Episcopal bishops oppose seminary's lease agreement with Catholic choral group over LGBT stance

The Chapel of the Good Shepherd at The General Theological Seminary of New York.
The Chapel of the Good Shepherd at The General Theological Seminary of New York. | Courtesy The General Theological Seminary/Virginia Theological Seminary

Episcopal Church bishops have objected to a New York-based seminary possibly allowing a Catholic choral group to lease space on its property because of the reported theologically conservative views of one of its donors.

Seven bishops with the Episcopal Diocese of Long Island and the Episcopal Diocese of New York released a statement objecting to The General Theological Seminary reaching a lease agreement with the School of Sacred Music.

GTS, founded in 1817 and currently based in New York City, became affiliated with the Virginia Theological Seminary due to financial issues in 2022.


“We are concerned by the lack of full acceptance of the LGBTQ stance of its founders and the lack of transparency in its funding,” read the statement.

“We recognize the difficult financial situation of VTS/GTS with the General Seminary campus. We are also making difficult decisions about the future use of sacred spaces. It’s important to make decisions that align with our mission and values. Human dignity is not negotiable.”

Signatories of the letter include New York Bishop Matthew Heyd, New York Bishop Suffragan Allen K. Shin, New York Bishop Assistant Mary D. Glasspool, Long Island Bishop Lawrence Provenzano, Long Island Assistant Bishop Geralyn Wolf, Long Island Assisting Bishop Daniel Allotey and Long Island Assisting Bishop R. William Franklin.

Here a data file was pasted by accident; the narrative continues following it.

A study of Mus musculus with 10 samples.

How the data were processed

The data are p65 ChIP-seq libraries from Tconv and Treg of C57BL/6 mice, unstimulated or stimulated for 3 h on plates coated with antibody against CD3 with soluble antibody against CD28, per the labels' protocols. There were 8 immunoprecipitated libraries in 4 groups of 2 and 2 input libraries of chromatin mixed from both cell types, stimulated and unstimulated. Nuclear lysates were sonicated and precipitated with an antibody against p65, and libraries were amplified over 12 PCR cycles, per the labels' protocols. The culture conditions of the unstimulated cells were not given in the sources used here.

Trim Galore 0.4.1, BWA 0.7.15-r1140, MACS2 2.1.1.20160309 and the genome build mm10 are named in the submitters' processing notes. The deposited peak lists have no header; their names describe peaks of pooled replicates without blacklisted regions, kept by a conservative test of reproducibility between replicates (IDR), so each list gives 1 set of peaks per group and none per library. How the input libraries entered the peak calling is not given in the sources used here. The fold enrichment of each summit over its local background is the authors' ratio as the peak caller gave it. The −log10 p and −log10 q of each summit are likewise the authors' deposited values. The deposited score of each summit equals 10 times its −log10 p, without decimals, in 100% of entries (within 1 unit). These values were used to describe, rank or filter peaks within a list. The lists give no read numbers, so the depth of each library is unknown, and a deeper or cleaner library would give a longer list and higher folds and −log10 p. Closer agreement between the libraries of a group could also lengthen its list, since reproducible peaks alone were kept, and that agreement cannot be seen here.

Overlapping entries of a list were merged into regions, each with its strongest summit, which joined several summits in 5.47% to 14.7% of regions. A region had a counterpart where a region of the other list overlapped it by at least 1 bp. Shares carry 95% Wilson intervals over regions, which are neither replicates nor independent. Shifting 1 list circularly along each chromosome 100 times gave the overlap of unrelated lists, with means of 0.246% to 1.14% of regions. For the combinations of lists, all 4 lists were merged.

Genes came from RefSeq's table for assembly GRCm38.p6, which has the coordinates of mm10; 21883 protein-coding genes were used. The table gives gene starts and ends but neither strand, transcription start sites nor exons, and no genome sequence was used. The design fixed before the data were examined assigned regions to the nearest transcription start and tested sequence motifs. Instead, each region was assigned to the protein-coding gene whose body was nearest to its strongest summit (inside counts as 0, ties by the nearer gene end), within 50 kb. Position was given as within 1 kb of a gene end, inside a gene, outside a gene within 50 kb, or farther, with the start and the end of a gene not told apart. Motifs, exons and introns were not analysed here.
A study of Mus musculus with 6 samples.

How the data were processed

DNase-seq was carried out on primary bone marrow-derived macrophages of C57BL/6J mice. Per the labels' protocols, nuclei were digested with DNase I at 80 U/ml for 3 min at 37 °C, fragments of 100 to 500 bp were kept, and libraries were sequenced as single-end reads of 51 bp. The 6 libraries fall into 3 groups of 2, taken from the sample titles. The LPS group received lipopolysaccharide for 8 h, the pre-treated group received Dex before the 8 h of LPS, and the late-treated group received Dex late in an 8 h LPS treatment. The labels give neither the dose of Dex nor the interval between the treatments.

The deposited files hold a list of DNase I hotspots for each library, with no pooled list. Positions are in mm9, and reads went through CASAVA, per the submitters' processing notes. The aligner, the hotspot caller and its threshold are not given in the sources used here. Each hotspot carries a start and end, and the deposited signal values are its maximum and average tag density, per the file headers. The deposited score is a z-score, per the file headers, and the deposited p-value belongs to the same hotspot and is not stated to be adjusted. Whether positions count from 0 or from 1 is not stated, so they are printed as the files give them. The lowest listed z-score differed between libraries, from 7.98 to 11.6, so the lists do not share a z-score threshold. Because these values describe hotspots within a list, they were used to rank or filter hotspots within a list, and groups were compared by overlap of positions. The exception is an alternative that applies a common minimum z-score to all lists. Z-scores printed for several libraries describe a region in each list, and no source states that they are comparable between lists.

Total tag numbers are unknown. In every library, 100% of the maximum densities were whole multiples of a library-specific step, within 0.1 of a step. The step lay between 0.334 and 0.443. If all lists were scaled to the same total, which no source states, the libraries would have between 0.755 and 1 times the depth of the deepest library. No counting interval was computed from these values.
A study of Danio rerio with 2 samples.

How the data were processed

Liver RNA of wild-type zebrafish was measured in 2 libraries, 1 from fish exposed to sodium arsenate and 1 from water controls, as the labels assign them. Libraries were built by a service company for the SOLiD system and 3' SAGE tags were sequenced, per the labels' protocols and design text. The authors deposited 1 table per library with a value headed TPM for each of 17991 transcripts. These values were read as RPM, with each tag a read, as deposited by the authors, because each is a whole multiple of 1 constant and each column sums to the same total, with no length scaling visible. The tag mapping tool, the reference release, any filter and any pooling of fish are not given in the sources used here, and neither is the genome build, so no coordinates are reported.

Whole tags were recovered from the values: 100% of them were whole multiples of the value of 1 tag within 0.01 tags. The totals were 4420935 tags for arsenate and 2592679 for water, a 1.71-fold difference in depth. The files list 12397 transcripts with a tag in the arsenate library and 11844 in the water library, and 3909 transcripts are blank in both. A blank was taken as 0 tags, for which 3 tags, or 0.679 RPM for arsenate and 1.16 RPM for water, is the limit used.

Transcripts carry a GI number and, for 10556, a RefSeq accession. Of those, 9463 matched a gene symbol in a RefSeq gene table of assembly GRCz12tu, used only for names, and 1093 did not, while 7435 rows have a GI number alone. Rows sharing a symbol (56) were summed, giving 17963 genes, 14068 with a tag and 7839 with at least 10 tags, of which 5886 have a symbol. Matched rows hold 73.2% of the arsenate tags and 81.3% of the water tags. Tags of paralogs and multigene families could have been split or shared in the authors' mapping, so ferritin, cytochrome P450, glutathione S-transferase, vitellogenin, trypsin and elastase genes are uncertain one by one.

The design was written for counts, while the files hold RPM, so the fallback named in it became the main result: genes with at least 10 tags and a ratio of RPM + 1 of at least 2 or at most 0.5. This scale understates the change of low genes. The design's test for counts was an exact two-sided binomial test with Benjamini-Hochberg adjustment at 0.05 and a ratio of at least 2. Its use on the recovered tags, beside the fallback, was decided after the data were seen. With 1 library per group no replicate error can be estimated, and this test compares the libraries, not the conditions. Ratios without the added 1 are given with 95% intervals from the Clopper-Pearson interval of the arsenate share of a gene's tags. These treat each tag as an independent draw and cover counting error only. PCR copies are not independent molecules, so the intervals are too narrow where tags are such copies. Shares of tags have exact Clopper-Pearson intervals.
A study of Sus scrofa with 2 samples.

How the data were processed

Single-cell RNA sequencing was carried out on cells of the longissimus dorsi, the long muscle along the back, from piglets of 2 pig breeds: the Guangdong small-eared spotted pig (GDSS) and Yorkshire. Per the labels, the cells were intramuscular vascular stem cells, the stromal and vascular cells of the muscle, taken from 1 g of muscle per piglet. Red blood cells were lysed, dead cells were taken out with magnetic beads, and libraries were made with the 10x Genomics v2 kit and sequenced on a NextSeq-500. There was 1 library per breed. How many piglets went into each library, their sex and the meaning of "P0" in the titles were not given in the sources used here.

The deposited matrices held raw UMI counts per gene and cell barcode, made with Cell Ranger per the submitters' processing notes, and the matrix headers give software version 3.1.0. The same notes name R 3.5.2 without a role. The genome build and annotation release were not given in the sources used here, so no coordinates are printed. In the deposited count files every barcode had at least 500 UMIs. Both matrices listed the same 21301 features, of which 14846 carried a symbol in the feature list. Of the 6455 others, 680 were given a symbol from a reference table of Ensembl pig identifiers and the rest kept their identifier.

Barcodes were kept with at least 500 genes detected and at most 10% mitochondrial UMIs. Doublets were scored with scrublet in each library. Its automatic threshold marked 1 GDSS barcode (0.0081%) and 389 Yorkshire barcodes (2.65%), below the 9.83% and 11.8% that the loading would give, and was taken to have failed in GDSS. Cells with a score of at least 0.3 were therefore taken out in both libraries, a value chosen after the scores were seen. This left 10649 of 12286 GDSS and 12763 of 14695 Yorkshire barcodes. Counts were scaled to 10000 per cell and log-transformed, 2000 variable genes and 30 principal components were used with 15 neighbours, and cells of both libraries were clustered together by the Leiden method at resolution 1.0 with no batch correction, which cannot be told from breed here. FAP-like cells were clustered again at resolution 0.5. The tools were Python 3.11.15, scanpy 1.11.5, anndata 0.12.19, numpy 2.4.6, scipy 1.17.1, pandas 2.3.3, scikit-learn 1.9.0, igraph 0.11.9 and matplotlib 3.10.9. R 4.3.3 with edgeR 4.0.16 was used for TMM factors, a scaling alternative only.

According to the Episcopal News Service report, SSM is a group of lay Roman Catholics and a subsidiary of the Ithuriel Fund, a nonprofit with over $75 million in assets.

One of the major donors is Colin Moran, chairman and president of the Institute on Religion and Public Life, which publishes the theologically conservative magazine and website First Things.

The Christian Post reached out to the School of Sacred Music for this story. The organization did not return comment by press time.

Nicky Burridge, spokesperson for VTS, told CP that SSM has a short-term rental agreement with the New York-based seminary that began last year.

“Any arrangement with SSM will be a commercial agreement, not a partnership or an affiliation,” explained Burridge, adding that the negotiations “remain ongoing.”

Burridge provided a statement from GTS President the Very Rev. Ian S. Markham, who also serves as dean and president of VTS, who noted that the parties involved “understand the concerns of the Bishops and we share their commitment to inclusivity.”

“We have met with them to reassure them that we are confident about the due diligence we have conducted,” stated Markham. “The SSM is committed to a spirit of ecumenism and inclusion of all people. Even so, safeguards to ensure the Close remains a welcoming space to LGBTQIA+ persons will be included in any agreement with the SSM.”

According to a statement released last month by Markham, GTS had $7 million in operating expenses for fiscal year 2023 but only $4.3 million in annual income.